110 min. | PG-13
The opening moments of a film have never been more important to a comedy. Florence Foster Jenkins begins with St. Clair Bayfield (Hugh Grant) on stage reciting a Hamlet soliloquy with great conviction, and then casually pointing out that he’s never played the title role. It’s self-deprecating, honest and therefore humorous. Moments later Florence (Meryl Streep), attached to a wire, descends from above to inspire her grandfather at the piano while the backstage crew strains to hold her up.
The tone is immediately clear: St. Clair and Florence are performers who take themselves seriously but aren’t particularly good at what they do. Because we like them, and their work is played for humor, it’s okay to laugh at them without feeling mean-spirited.
Based on true events, it’s New York City, 1944. As the war rages overseas, the performing arts become essential relief for those at home. At the heart of the arts scene is Florence, a wealthy socialite who owns and runs The Verdi Club—a Vaudeville type establishment—with her husband, St. Clair.
Florence wants to do more than act in sketches, so she hires a pianist and vocal coach and trains to be an opera singer. She’s terrible at it. She’s also dying of syphilis and St. Clair wants her to fulfill her dream of singing professionally. He enables this dream and makes sure everyone does the same. She becomes immensely popular for the wrong reason, and is the only one oblivious to the truth.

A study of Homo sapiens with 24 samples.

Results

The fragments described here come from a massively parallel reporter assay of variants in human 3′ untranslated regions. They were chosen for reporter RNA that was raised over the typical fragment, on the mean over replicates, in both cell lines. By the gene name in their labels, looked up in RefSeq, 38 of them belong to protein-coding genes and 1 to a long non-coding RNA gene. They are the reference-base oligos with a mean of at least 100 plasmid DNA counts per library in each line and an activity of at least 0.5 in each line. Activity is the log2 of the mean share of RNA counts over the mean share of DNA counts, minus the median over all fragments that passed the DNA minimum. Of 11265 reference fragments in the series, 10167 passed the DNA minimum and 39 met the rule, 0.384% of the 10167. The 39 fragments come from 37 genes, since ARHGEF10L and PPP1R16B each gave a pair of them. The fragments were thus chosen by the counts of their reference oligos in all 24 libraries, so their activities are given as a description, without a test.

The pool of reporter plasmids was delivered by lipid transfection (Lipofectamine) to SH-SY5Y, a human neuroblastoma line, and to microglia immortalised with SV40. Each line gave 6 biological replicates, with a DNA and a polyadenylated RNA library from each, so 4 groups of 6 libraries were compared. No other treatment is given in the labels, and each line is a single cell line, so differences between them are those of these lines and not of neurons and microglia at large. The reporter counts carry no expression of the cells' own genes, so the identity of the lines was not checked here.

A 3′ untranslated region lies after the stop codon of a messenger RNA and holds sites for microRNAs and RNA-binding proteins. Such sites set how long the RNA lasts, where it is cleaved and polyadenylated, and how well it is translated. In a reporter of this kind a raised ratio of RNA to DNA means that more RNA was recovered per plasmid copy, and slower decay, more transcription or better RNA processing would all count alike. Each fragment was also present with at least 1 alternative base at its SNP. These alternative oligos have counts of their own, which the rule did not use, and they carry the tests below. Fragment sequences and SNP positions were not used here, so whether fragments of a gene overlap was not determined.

Florence may be the most famous atrocious singer in history, but director Stephen Frears is too kind to suggest she lives in infamy. Instead, he admires her courage and allows us to root for her in spite of her delusions.
Streep doesn’t go over the top in her performance, but her singing as Florence is nails-on-chalkboard grating enough. Streep is nicely supported by Grant as a man who loves her but isn’t in love with her, evident by his fierce devotion to Florence while simultaneously keeping a separate apartment and girlfriend.
Below the surface is an essential question: Were St. Clair and others right to enable Florence to live out her dream as an opera singer, or should they have stopped to spare her the potential embarrassment? You can make a case either way, but either way you can be wrong. The decision St. Clair reaches feels like the right one.
You’d think Florence knew deep down that she was a dreadful singer, but reports suggest taking mercury for syphilis distorted her hearing. Regardless, if people tell her she’s good, why wouldn’t she believe them? This film is the story of a lie for the right reason that’s never morally ambiguous or overtly cruel, which is a filmmaking feat more difficult to accomplish than getting Florence to sing well.